Two Renowned Investigative Teams at Hackensack University Medical Center Collaborate to Improve Patient Outcomes in Cancer and Infectious Disease
Hackensack University Medical Center’s Department of Urology is partnering with Hackensack Meridian Center for Discovery and Innovation to conduct important research in early diagnosis and immunotherapy of prostate cancer, as well as treatments for urinarytract infections
In collaboration with the Center for Discovery and Innovation, the Department of Urology is conducting studies on advancements in treatment of urinary tract infections (UTI) and the use of a novel technology for the diagnosis of prostate cancer without painful biopsy.
- Debra Fromer, M.D., Chief, Female Pelvic Medicine and Reconstructive Surgery at Hackensack University Medical Center,specifically investigates looking at the prevalence of antimicrobial resistant pathogens causing recurrent UTIs in female patients. UTIs are among the most frequent bacterial infections and, if not treated appropriately, can progress to more invasive clinical phenotypes. These infections are sometimes treated empirically, resulting in an increase in antibiotic exposure and the rise of antimicrobial resistance (AMR) pathogens causing UTIs. A major clinical concern is the increased risk of harboring AMR pathogens among individuals with recurrent UTIs, defined as having two episodes within six months, or three episodes within one year. HMH will conduct a novel prospective study to determine the source of these AMR pathogens in women with recurrent UTI by determining the genetic phenotypes of organisms colonized in the urinary, genital and gastrointestinal tracts.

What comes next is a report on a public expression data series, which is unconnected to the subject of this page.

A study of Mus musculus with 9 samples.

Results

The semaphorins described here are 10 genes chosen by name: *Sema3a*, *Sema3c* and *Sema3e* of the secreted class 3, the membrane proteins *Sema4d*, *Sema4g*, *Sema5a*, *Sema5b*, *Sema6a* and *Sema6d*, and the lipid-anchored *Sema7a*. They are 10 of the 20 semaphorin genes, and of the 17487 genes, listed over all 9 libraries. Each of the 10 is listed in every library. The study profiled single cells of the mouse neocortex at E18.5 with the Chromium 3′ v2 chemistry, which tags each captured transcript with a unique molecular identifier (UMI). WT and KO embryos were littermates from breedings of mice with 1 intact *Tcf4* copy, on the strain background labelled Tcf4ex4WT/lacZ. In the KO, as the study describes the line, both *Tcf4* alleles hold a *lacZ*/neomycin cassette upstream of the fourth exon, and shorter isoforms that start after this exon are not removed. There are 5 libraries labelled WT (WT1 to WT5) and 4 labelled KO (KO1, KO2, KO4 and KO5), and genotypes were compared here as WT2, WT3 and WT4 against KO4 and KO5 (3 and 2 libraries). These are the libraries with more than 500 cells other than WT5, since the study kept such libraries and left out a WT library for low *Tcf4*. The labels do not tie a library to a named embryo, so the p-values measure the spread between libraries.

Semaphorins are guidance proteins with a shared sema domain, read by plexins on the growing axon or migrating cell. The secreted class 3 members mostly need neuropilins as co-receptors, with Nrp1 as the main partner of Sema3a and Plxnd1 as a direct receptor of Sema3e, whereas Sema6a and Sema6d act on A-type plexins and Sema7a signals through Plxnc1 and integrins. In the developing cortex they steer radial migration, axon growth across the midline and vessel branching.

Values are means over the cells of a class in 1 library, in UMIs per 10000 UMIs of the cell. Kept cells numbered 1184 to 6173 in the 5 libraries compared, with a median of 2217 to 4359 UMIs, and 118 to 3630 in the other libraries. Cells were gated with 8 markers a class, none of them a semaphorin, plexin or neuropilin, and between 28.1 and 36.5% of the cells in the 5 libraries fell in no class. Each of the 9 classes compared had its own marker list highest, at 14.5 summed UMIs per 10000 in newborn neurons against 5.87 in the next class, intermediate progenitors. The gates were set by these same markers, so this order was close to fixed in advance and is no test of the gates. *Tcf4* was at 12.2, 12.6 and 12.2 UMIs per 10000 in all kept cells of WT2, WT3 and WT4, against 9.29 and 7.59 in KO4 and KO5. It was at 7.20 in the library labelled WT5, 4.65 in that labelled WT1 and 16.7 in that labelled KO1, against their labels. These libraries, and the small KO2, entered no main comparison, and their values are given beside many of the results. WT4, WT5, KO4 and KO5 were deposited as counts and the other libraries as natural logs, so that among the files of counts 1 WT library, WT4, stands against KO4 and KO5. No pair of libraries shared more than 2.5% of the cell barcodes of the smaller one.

- Working with the urology department at Hackensack University Medical Center, Olivier Loudig, Ph.D., Associate Scientist at the Center for Discovery and Innovation, is investigating use of a novel technology for the diagnosis of prostate cancer without painful biopsy by observing a cohort of 600 individuals with elevated PSA and a positive MRI-driven biopsy and males with diagnosed prostate cancer (but prior to any treatment). The current, most commonly used biomarker for prostate cancer is prostate-specific antigen (PSA), which has well known limitations in accuracy and requires additional testing. However, prostate cancer cells secrete exosomes, also known as prostasomes, which are only detectable in the blood of prostate cancer patients. The presence of prostasomes in the blood is in itself a prostate cancer diagnosis. However, the assay that has been designed for the purification of prostasomes requires additional testing for evaluating its robustness and usefulness in the clinical setting. Additionally, the evaluation of the cargo of the purified prostasomes may provide more information on the nature of the prostate cancer, which may help develop a molecular assay for a prostate cancer liquid biopsy rather than a tissue biopsy. Therefore, the purpose of this study is twofold: a validation phase where the purification of prostasomes will be tested on plasma collected from prostate cancer patients, as well as a molecular testing phase where the contents of the purified prostasomes will be evaluated on their ability to determine the grade of the prostate tumors.